Our front line nurses go the extra mile
18 August 2020
(Southern Health News, Autumn 2020)
Patients have described them as ‘braver than brave’. They are the Hospital @ Home Service nurses, who cared for COVID-19 patients in their homes and at the Marion Holiday Park (which hosted self-isolating patients unable to reside in their homes) during the height of the pandemic.
“In the beginning, it was very daunting,” concedes Barbara Farrelly, Advanced Nurse Unit Manager of SALHN’s Hospital @ Home Service.
“We were all still learning about the virus and its impact, and the news coming out of Europe in the early days was frightening. But we stayed calm and worked closely with the SALHN Incident Management Team (IMT) to develop clinical management pathways to ensure we had a consistent approach to the treatment and care of our patients – and our own safety.
“We followed strict standards of care and personal protection and that feeling of anxiety eased over time.”
Barbara said turning up at patients’ homes donned in full personal protective equipment (PPE) was a “very different experience” – but it helped ease any anxiety felt by nursing staff and their patients.
“Patients were very anxious, particularly in the early days, and had many questions. So it was important that we knew as much as we could about the virus so we could answer their questions and allay their fears.”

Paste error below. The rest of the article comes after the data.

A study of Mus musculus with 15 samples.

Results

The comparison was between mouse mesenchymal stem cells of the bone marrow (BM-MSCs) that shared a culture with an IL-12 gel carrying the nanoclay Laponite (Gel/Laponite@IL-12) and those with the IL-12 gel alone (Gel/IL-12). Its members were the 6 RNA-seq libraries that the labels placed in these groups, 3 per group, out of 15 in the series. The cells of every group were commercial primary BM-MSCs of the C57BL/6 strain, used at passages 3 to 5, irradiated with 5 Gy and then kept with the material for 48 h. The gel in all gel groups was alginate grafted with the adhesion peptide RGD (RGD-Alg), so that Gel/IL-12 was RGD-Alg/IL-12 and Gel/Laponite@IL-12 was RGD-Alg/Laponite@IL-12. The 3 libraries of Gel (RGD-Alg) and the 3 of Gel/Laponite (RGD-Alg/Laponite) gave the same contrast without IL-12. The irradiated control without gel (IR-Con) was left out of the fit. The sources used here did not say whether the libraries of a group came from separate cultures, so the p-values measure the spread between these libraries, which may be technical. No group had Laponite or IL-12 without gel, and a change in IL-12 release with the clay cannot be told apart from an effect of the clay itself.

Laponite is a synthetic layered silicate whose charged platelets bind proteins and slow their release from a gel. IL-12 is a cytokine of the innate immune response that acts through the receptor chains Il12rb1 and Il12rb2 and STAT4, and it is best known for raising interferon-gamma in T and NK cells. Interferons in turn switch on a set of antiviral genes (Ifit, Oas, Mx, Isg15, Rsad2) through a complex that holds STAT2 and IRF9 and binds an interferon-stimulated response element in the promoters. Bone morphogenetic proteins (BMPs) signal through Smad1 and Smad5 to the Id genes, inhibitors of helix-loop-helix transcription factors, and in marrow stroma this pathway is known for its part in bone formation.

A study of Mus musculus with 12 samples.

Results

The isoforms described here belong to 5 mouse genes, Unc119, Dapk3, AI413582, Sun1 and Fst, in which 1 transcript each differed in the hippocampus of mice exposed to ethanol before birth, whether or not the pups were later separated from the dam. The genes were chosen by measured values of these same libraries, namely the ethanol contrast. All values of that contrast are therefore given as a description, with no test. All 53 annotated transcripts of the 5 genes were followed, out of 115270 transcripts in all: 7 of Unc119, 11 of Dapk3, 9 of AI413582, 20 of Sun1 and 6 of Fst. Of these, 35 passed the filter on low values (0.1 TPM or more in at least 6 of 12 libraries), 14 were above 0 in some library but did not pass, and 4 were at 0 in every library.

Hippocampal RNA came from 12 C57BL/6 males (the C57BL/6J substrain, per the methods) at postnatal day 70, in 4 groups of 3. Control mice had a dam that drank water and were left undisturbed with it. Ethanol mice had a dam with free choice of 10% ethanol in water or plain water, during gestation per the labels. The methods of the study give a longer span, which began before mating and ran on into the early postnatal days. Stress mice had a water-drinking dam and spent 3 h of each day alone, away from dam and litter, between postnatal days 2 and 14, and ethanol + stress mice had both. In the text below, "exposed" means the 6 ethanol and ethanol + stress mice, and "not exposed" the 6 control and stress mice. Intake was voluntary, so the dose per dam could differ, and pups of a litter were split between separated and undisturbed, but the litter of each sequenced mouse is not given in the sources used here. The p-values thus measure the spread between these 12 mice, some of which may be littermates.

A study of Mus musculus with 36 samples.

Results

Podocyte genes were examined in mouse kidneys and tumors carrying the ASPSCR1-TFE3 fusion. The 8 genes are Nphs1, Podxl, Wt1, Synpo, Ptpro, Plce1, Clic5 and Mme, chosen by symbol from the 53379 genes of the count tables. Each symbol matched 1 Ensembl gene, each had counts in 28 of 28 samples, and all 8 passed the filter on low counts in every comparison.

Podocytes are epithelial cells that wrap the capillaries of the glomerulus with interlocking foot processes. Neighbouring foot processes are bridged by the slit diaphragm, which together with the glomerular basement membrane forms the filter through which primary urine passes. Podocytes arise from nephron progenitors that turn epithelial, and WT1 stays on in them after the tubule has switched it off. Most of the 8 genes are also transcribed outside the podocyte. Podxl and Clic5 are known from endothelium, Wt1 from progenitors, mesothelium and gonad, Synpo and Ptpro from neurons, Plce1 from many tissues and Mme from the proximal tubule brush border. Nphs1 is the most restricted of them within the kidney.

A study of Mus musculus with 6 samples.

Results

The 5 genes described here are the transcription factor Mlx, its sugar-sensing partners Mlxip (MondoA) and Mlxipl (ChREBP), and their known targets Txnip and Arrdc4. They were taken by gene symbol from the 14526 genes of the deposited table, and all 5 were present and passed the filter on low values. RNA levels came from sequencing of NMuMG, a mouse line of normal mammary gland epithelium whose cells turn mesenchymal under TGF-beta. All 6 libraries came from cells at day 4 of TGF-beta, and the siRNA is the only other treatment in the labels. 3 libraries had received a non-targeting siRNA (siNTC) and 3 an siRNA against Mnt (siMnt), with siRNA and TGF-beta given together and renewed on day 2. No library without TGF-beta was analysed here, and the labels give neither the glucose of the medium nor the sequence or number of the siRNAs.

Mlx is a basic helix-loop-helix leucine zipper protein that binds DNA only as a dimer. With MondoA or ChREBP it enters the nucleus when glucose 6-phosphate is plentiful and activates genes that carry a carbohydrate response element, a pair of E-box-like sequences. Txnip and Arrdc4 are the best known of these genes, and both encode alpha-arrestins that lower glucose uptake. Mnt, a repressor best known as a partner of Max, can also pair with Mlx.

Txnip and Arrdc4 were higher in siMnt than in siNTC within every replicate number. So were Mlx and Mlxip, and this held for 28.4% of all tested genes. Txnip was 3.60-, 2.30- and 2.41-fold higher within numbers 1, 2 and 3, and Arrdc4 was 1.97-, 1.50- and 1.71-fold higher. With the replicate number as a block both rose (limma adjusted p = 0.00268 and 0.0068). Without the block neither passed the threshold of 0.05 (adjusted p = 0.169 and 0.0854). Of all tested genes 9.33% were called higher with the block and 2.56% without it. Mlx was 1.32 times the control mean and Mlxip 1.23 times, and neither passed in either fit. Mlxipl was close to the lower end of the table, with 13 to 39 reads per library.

Barbara said the Hospital @ Home effort was very much a team effort during the height of the pandemic. “We worked closely with the SALHN Infectious Diseases team, Nursing and Patient Services and our designated Registered Medical Officers. The Centre for Nursing and Midwifery Education and Research also assisted with daily phone assessments and the FMC COVID-19 testing clinic supported us as a drop-off point for all things infectious, including waste, scrubs and laboratory specimens.”
Tania Palmer was the first Registered Nurse with the Hospital @ Home program to visit a COVID-19 patient at home. “That first day was quite daunting for me. I had to prepare myself mentally for the visit, but we had all the right equipment and procedures in place and the visit went really well.”
“Our patients knew that we were putting ourselves at risk by going to their homes, and honestly, I think if they could have hugged us, they would have!
“I’ve never felt prouder to be a nurse, and I feel so grateful that I have been able to do this.”
Jarrod was cared for by the Hospital @ Home team and said they were ‘amazing’.
Jarrod initially had mild symptoms of COVID-19, but on day nine, his chest became heavy and he found it hard to breathe.
“That was a bit scary. It makes you understand that there’s a point where things can go bad for a lot of people. But (Hospital @ Home) were great; they came straight out to make sure I was ok.
“The nurses were amazing…they were friendly, reassuring and really cared.
“They were the only people I saw for three weeks so they were really good for my mental health too.”
At the time of going to print, the Hospital @ Home service had discharged its final patient who had tested positive for COVID-19. “It’s a significant milestone and on behalf of us all, I thank the Hospital @ Home Service. They are an amazing team,” said Dr Diana Lawrence, SALHN's Executive Director of Medical Services.